May 07, 2003|Evelyn Iritani | Times Staff Writer

The United States signed an agreement with Singapore on Tuesday that will lower barriers on $33 billion in two-way trade and provide tougher copyright protection for U.S. entertainment companies operating in the wealthy Asian city-state.

The two countries also struck a compromise in the global culture wars. Under the pact, Singapore will maintain control over domestic television programming but give U.S. companies "full market access" and "national treatment" for other entertainment products and services, including recorded music, cinema exhibition and home video rental. U.S. companies using Singapore as a transmission base for regional television and cable broadcasting also will be allowed to operate freely.

That means U.S. media firms must be treated the same as local companies, according to the U.S. Entertainment Industry Coalition for Free Trade, which includes major media concerns such as AOL Time Warner Inc., Walt Disney Co. and Viacom Inc.

Singapore is a key financial center and technologically sophisticated -- but its government has been criticized for wielding a heavy hand when it comes to media censorship.

Entertainment industry representatives said Tuesday that they hope the free-trade agreement will set a standard for future accords, strengthening a global web of protections for U.S. entertainment firms that depend on foreign sales for 40% of their revenues.

Bonnie Richardson, vice president of trade and federal affairs for the Motion Picture Assn., said the pact demonstrates to countries such as France and Canada that an agreement can be designed that protects cultural sovereignty without impeding trade.

She said the industry doesn't object to Singapore screening imported entertainment as long as the process is transparent and timely.

"Singapore reserves the right to regulate in restrictive ways their domestic broadcast of content to their own people," she said. "They carved out flexibility for them to take any measures they felt were socially necessary or culturally necessary, but it was only for that one small piece of the market. That was OK for us."

At a time when the U.S. entertainment industry is losing billions of dollars a year to piracy, the U.S.-Singapore trade pact contains tough penalties for illegally copying video or digital offerings or creating products that allow others to do so.

In addition, Singapore agreed to strengthen its protection of satellite broadcasts and prevent the illegal redistribution of television programming over the Internet.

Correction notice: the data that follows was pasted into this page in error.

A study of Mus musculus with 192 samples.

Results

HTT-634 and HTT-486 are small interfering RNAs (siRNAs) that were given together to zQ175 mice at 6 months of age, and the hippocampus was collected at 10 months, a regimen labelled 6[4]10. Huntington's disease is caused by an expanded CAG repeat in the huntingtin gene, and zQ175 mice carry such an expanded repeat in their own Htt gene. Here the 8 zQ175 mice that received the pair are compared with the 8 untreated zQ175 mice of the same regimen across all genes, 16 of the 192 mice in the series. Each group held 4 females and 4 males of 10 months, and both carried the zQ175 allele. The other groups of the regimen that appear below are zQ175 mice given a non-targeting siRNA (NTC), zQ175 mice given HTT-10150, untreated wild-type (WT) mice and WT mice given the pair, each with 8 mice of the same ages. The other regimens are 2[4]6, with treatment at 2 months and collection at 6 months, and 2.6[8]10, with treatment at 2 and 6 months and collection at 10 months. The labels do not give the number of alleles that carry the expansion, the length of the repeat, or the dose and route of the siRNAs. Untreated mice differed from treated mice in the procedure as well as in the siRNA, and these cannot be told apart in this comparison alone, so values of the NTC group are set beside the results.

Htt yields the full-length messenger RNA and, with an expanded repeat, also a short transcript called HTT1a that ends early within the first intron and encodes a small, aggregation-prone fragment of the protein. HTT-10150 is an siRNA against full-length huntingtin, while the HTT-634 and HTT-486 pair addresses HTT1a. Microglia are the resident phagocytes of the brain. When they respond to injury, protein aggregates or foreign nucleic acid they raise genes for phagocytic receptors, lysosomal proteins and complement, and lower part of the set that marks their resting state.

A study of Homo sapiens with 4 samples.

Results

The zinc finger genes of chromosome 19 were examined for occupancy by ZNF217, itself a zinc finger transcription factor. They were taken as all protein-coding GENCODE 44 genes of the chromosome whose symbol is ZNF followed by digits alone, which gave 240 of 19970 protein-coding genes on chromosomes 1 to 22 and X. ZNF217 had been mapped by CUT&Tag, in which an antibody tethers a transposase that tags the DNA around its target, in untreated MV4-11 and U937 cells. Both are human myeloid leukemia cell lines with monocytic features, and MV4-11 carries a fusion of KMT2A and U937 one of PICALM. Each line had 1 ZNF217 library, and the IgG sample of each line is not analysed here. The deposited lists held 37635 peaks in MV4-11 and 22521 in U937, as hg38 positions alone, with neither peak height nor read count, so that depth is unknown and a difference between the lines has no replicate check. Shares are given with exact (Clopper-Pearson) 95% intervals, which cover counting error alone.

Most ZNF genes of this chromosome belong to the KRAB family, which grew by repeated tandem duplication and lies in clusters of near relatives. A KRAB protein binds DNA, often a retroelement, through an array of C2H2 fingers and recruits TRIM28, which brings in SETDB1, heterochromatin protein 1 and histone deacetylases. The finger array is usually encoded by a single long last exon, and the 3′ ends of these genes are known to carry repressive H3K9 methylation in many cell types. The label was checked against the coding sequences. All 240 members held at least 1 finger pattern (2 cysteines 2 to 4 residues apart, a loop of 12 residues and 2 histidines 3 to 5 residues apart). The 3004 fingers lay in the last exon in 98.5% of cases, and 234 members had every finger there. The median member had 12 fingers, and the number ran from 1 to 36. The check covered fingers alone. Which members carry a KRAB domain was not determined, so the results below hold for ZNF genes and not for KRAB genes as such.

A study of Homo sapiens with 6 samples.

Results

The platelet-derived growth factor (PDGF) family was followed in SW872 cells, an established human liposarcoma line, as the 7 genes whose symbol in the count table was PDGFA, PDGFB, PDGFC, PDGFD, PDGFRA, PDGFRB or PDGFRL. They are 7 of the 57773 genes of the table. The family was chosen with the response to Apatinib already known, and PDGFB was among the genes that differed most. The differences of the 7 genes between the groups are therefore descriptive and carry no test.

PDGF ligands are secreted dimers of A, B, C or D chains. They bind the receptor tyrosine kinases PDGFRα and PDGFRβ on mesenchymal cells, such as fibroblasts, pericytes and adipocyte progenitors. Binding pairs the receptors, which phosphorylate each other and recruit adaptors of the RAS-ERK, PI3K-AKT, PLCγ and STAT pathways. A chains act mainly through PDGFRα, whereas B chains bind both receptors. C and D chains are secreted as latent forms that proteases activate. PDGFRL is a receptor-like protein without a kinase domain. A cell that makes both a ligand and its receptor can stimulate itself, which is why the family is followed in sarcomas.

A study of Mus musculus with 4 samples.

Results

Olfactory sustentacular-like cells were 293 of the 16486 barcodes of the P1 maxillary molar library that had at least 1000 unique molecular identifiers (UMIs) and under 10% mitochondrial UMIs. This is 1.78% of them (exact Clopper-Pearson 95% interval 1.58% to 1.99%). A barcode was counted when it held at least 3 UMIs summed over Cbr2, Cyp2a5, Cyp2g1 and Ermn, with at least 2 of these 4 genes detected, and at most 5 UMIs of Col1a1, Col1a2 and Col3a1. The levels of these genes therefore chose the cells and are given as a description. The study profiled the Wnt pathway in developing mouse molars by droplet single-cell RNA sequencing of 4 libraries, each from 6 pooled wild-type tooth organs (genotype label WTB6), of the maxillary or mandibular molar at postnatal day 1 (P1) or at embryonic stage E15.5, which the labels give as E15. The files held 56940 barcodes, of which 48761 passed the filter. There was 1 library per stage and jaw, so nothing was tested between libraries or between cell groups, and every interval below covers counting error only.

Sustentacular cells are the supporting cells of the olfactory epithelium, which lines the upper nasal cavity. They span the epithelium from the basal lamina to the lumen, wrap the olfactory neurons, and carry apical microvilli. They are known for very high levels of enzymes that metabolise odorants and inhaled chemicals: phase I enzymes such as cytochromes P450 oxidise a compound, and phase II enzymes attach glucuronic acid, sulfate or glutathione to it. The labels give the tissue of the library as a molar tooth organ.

The former was of particular concern to companies such as AOL Time Warner and Sony Corp. that use Singapore as a regional hub for satellite-delivered programming.

"The U.S.-Singapore Free Trade Agreement will ... make it easier to bring consumers in both countries new entertainment products and services," said Robert Kimmitt, executive vice president for global and strategic policy at AOL Time Warner.

Besides U.S. entertainment firms, banks and service companies are promised greater access to Singapore's well-heeled consumers.

In a White House signing ceremony Tuesday, President Bush called Singapore a nation "small in size but large in influence" and urged Congress to ratify the agreement soon. Singapore Prime Minister Goh Chok Tong praised the Bush administration for signaling a "long-term commitment to engage Southeast Asia and contribute to its development."

The pact provides a psychological boost for Singapore, whose economy was hit hard by the collapse of the technology bubble and, more recently, was among the early victims of severe acute respiratory syndrome, or SARS. The agreement also bolsters the strategic alliance between the United States and Singapore, a key supporter in the war against terrorism.

The U.S.-Singapore trade agreement has touched off little opposition in Congress. Already, there are more than 1,300 U.S. companies operating in the Southeast Asian nation. In all, U.S. firms have invested $23 billion there.

But some activists have vowed to oppose the pact, which they said contains insufficient environmental and labor provisions.